Losing Control of the Narrative in A Volga Tale

Losing Control of the Narrative in A Volga Tale
Could he not change this plot–and liberate Klara from her captivity? Could this be a form of tribute to his beloved? Could he not in this way atone for even a small part of his guilt?
(Yakhina, 209)
I thought of who it is whose story gets remembered in the end /
And through how many careful tellings does once practice their defense.
Some nuances the narrator selectively omits /
A once collective memory is destined to forget.
(Nana Grizol, "Explained Away")

This post will speak at length about the plot of Guzel Yakhina's A Volga Tale, so proceed with that knowledge, read the novel first (affiliate link), and/or listen to our podcasts on it.


It always happens after we die, of course. No longer able to make new memories, my late grandparents now only breathe life when someone says, “remember when grandpa started pickling an entire barrel of…” and so on and so forth.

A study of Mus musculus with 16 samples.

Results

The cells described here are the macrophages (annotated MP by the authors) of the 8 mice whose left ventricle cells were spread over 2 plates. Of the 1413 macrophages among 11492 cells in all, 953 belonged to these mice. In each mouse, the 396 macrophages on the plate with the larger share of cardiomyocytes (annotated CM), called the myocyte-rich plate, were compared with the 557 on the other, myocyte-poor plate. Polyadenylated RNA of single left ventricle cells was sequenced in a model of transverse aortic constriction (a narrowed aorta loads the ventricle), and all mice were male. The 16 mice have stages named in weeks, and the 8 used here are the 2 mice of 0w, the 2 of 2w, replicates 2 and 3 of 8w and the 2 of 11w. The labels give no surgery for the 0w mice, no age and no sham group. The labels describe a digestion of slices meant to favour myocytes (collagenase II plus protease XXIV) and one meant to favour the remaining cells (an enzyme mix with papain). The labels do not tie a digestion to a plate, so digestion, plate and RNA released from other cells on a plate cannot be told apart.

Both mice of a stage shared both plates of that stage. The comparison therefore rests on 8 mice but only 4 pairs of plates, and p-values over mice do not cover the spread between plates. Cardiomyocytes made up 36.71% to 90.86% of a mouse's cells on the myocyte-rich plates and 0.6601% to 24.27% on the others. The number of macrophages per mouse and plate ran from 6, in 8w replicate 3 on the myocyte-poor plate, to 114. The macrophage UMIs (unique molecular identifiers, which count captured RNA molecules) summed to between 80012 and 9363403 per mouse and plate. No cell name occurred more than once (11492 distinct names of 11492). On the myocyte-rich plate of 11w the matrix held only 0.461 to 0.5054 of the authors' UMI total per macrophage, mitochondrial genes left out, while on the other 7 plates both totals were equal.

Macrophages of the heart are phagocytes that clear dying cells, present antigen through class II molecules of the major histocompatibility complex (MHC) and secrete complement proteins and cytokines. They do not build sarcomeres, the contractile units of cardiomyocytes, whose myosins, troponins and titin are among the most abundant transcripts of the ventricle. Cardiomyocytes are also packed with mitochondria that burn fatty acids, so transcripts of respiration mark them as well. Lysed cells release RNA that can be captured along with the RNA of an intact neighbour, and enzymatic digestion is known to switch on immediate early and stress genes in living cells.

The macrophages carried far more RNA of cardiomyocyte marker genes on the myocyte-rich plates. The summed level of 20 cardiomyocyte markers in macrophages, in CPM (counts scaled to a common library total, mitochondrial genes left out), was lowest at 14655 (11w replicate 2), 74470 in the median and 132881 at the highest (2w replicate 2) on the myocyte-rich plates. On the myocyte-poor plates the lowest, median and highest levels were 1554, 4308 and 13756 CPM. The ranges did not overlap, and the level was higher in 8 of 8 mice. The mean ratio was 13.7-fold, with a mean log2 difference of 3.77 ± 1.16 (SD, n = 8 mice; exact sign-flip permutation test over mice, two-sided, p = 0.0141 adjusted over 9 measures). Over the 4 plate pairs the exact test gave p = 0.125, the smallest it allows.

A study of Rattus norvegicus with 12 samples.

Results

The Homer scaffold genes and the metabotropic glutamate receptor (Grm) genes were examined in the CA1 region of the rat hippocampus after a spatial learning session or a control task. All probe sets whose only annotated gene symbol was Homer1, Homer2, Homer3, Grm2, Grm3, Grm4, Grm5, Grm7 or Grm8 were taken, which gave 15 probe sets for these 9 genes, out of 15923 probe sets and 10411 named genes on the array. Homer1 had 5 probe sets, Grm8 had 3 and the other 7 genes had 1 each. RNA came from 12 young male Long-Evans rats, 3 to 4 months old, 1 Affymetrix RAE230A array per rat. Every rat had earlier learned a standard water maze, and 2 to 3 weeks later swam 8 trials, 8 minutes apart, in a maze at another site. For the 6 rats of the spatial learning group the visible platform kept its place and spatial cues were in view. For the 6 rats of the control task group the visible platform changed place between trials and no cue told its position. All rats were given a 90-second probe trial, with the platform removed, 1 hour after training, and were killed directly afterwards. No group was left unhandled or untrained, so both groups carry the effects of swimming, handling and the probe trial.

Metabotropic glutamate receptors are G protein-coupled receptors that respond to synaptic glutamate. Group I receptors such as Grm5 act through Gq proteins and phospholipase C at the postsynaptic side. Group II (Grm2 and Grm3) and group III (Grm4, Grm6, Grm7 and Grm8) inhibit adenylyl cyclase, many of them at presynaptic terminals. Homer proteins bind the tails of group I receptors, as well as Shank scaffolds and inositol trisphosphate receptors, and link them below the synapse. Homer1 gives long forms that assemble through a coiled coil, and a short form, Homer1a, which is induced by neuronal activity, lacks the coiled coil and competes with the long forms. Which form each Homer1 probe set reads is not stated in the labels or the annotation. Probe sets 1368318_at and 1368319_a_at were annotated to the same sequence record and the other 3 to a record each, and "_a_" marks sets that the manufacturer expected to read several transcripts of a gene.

Sometimes those stories are real, sometimes they’re embellished, and sometimes they’re fabricated misrememberings. I find the latter two tend to overtake the former with time. Et voila: a new person is born. 

That’s just how I remember my own grandfather, Anthony, a thin-haired, deep-voiced man who could always be found in his office recliner. 

By the time I was old enough to wonder about him, he was already senile. 

So I learned his stories indirectly. From my grandmother, from my mom, from his four other children. They often contradicted each other, gave differing accounts of his temperament or inconsistent reports of what he was doing in such-and-such year. 

So the version of my grandfather who lived in my mind was entirely made up of the stories told about him. 

Then he died. The stories are all that remain.